Original URL: http://regulus.azstarnet.com/hourlyupdate/story.php?id=1
New Hispanic immigrant men drove down other workers’ wages, study says
The Associated Press-- August 19, 2003
LOS ANGELES — Men working blue-collar and service jobs in 15 states tended to earn lower pay when they were employed alongside newly arrived Hispanic immigrant men because the new arrivals were often paid less, driving down the wages for all, according to a UCLA study.
The UCLA Chicano Studies Research Center study released Monday analyzed 1990 Census data on male workers in 38 U.S. metropolitan areas. It found that men — both native and established immigrants — earned an average of 11 percent less than others in comparable low-level service and manual labor jobs when they worked with Hispanic newcomers.
Minority workers in those jobs earned an average of 14 percent less. And the higher the proportion of newly arrived Hispanic men, the less money the other workers tended to make, the study said.
The study results reflect only the period of time the data were collected. The same type of data from the 2000 Census has not been released yet, said Lisa Catanzarite, the senior research sociologist who conducted the study.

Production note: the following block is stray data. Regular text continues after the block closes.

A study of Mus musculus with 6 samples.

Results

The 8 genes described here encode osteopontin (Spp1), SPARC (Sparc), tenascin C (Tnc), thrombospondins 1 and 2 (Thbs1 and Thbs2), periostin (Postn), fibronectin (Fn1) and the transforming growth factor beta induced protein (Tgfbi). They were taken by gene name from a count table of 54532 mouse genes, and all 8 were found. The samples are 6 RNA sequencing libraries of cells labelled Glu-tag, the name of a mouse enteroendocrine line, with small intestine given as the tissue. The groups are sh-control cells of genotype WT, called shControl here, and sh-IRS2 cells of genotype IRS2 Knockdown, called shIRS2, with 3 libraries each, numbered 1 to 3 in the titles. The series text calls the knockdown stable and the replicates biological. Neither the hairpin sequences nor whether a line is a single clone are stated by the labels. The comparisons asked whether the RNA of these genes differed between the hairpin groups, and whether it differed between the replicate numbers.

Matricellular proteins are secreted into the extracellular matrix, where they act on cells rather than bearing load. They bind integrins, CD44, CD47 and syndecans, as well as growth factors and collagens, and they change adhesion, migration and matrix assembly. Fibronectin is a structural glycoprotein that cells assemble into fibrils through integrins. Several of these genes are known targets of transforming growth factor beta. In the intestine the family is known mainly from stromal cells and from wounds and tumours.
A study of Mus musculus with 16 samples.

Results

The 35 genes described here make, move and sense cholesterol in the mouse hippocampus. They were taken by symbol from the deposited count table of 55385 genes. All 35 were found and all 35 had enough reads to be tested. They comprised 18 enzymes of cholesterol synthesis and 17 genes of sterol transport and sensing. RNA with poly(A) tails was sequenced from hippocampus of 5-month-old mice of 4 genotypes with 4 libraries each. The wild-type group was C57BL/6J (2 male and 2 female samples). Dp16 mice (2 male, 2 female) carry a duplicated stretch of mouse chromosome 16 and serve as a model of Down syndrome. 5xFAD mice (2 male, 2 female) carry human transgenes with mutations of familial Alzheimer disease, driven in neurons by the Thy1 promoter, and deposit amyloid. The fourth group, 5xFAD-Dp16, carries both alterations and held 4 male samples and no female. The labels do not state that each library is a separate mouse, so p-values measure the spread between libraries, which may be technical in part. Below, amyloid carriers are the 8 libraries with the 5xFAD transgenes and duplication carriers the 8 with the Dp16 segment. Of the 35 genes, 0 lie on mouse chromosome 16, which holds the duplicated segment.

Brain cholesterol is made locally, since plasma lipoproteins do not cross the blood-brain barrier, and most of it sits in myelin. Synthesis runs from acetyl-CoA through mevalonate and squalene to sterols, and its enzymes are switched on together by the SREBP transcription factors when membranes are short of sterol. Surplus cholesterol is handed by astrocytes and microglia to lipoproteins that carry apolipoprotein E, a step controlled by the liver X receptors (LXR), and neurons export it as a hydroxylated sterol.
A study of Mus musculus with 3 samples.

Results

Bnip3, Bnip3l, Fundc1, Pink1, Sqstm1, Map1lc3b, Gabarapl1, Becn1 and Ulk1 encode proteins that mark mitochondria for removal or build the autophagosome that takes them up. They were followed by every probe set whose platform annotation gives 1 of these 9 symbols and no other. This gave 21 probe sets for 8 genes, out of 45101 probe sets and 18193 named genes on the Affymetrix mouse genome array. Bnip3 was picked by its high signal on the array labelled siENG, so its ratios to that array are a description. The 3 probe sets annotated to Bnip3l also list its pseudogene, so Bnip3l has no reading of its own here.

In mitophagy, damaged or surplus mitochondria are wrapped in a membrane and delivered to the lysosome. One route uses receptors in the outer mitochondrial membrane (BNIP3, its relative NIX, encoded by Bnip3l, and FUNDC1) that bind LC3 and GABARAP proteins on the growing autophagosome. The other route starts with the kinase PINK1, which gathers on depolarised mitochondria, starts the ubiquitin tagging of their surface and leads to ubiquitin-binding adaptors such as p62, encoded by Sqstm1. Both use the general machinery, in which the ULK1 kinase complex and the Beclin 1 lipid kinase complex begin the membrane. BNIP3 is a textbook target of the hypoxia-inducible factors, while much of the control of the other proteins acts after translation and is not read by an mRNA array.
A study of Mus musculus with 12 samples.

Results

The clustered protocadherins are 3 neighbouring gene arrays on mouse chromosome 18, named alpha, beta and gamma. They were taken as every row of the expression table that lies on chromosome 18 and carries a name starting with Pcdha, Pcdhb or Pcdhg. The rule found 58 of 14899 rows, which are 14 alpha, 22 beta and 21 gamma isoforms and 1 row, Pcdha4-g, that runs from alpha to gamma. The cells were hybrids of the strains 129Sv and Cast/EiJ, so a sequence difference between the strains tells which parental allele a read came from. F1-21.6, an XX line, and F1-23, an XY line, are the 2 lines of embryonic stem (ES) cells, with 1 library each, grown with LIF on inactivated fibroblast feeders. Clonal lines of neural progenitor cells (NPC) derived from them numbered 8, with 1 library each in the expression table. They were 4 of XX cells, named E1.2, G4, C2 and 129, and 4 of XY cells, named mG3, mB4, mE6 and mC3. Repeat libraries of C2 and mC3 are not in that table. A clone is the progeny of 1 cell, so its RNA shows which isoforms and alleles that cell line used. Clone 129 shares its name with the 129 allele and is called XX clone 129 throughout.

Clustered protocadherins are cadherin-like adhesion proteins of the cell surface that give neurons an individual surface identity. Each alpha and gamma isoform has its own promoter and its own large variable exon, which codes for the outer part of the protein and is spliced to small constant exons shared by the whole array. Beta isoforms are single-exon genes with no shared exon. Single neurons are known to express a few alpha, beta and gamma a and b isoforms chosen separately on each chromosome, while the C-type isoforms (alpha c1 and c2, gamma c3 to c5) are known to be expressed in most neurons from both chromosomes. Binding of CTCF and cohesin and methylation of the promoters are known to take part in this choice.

“These findings push us to understand that wage penalties in ’brown-collar’ occupations stem from newcomer Latinos’ marginal status, and not from immigration, per se,” Catanzarite said.
Employers’ attitudes and immigrants’ status when they first come to the United States are to blame for the disparity in wages in some jobs, she said.
Many employers devalue certain jobs where Hispanic immigrants are overrepresented, such as landscaping, construction, farm labor, groundskeeping and painting, and pay less. And immigrants are unable to resist low wages and have little political power to demand proper pay, so they end up working for less, Catanzarite said.
“The point is, if you have a vulnerable group, when they’re exploited, then that can push down wages for everybody,” she said. “Somewhat paradoxically, policies to combat pay penalties for native-born workers necessarily involve improving the status of immigrants.”
The study recommends expanding worker protections for the immigrants, enforcing minimum wage standards and extending amnesty.
Catanzarite said people should not infer from the study that immigrant labor hurts American workers.
“The findings don’t suggest that immigration overall is hurting native-born workers,” she said. “Some of these jobs wouldn’t even exist if those immigrants weren’t here.”
Among the metropolitan areas tracked in the study were the cities of Los Angeles, New York, Miami, Boston, Las Vegas, Dallas and Washington.